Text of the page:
NewsLEX 18 Investigates


Court document gives more details in allegations against commonwealth’s attorney

Posted at 7:13 PM, May 19, 2022
and last updated 2022-05-19 19:13:30-04

(LEX 18) — A recently-filed court document has given more details on alleged ethical concerns surrounding a central Kentucky commonwealth’s attorney.

Scrutiny of commonwealth’s attorney Sharon Muse Johnson began with a letter by former Circuit Court Judge Brian Privett to the Kentucky Attorney General’s Office. In it, Privett requested an investigation into allegations that Muse Johnson had allowed too many grand jurors to be present for a number of indictment hearings since she took office, and accused her of allowing a reality television show pilot to be filmed in her office.

At the time, Muse Johnson said that “all allegations of illegal and/ or unethical conduct contained in the letter are either blatantly false or grossly misleading.”

Muse Johnson serves Scott, Woodford and Bourbon counties, where the grand jury issues have now called into question a number of criminal cases. Some indictments are expected to be dismissed, and Muse Johnson has said her office would re-present each case for indictment.

Now, a letter that was included as an exhibit to support a motion in a Bourbon County criminal case is showing that one of Muse Johnson’s former assistant commonwealth’s attorneys also had ethical concerns.

Muse Johnson said in a statement Thursday that the allegations in the more recent letter mirror those in Privett’s letter, and said that the Kentucky Attorney General’s Office had completed an investigation of the claims and ended up “clearing” her.

The three-page letter was written in December by Kate Bennett, who worked in Muse Johnson’s office for two years as the first assistant commonwealth’s attorney. In the letter, which was sent to the Kentucky Bar Association’s Ethics Hotline, detailed some of Bennett's concerns about alleged goings-on in the office.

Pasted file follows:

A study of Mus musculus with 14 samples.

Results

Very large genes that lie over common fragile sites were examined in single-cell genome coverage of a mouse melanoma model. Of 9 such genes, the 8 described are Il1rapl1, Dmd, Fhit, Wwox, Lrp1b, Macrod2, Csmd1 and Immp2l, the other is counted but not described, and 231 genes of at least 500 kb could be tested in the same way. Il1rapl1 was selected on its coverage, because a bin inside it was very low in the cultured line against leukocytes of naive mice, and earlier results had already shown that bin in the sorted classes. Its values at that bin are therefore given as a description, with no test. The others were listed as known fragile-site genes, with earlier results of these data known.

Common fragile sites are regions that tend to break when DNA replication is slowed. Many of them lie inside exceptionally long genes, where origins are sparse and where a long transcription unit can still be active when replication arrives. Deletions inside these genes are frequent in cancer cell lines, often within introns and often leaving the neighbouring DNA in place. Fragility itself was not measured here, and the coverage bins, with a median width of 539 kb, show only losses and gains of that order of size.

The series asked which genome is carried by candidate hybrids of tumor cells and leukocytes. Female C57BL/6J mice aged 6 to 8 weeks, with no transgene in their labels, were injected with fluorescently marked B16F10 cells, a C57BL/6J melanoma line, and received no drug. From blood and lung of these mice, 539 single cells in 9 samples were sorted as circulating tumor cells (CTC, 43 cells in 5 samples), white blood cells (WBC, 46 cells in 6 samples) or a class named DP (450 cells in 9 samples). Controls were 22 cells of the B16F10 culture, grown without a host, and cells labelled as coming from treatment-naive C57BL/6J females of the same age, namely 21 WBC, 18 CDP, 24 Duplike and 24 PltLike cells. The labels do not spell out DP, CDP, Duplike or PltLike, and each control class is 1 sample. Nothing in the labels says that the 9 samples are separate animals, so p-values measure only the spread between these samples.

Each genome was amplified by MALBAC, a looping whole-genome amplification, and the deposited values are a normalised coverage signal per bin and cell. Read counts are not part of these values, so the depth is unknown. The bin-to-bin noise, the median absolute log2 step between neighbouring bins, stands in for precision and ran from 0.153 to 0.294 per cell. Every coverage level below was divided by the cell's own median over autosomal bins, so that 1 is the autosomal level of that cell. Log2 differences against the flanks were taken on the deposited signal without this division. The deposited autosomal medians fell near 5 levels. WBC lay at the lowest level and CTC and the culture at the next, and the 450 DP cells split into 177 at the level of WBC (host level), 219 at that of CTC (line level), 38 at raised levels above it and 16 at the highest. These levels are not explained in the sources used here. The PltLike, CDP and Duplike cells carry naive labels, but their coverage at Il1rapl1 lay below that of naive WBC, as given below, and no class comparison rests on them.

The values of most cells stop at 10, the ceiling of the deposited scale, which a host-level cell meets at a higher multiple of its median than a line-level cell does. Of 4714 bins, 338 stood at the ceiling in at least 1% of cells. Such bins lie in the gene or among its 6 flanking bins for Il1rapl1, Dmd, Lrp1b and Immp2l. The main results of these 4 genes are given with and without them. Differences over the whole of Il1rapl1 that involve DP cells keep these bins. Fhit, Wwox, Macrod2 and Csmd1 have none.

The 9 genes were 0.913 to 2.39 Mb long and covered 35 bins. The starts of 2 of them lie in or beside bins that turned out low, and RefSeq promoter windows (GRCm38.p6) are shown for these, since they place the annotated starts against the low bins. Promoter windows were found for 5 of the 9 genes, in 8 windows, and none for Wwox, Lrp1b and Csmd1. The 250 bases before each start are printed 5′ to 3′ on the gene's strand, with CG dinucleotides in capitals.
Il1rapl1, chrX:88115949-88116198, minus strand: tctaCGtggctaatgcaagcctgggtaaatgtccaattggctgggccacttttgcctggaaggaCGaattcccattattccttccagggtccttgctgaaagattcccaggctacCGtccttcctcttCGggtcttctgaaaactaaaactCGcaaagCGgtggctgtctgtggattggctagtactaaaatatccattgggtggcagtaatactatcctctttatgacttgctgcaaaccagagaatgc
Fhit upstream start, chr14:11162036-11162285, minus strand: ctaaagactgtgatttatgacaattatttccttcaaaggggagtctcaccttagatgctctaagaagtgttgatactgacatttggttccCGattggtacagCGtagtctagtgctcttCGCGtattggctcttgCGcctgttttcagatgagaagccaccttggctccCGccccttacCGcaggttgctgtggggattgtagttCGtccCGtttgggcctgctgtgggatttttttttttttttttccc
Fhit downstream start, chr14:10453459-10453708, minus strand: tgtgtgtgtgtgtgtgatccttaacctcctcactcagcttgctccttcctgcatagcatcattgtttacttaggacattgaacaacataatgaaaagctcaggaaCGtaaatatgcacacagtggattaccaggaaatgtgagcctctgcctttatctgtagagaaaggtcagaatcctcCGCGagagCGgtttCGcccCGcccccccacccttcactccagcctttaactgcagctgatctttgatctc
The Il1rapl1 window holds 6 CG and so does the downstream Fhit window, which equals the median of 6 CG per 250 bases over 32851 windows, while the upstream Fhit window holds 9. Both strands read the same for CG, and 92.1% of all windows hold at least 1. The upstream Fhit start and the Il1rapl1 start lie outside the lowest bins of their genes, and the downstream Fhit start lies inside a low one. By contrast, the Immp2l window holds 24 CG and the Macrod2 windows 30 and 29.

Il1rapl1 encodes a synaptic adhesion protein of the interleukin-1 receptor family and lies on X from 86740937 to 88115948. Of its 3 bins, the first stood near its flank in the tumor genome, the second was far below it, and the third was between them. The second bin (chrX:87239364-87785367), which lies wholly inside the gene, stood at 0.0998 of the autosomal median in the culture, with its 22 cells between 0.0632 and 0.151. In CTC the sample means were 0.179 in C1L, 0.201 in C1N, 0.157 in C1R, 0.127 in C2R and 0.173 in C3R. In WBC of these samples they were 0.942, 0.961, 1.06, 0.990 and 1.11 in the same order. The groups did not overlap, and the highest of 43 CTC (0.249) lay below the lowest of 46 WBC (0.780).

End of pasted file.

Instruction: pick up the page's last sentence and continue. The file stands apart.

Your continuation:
One of the allegations surrounded the reported filming of the television pilot in the office. Bennett wrote that while filming, Muse Johnson staged a discussion about a criminal case pending grand jury presentation that was “still in the active stages of investigations.”

Bennett also wrote that when she raised concerns about being recorded for the alleged pilot, Muse Johnson told her that “only the production companies that are vying for the show will see it.”

The letter also alleges that Muse Johnson would often record meetings with witnesses in cases being prepared for trial and instructed her employees to do the same. Bennett writes that the recordings included potential evidence and were not turned over to defense counsel.

Muse Johnson’s full statement Thursday in response to the allegations in the letter is as follows:

“The Kentucky Attorney General's Office concluded its investigation on May 6 clearing Sharon Muse Johnson of the allegations and closing their file. The Attorney General's Office has also conducted its investigation into the grand jury matter and to date has left all cases to Ms. Muse Johnson for further proceedings. Ms. Bennett's allegations are a result of her misunderstanding of law and fact, and mirror previous claims by former Judge Privett that have now been reviewed and closed by the Attorney General’s Office.  Ms. Muse Johnson will continue to work for the community and not be distracted by politically motivated and false allegations.” 

Bennett released the following statement about her letter to the Kentucky Bar Association’s ethical hotline:

“SCR 3.130 (8.3) mandates attorneys to report professional and unethical misconduct of other attorneys. As a career prosecutor, I have a responsibility to follow the law and report such conduct. I stand by every word of my letter.”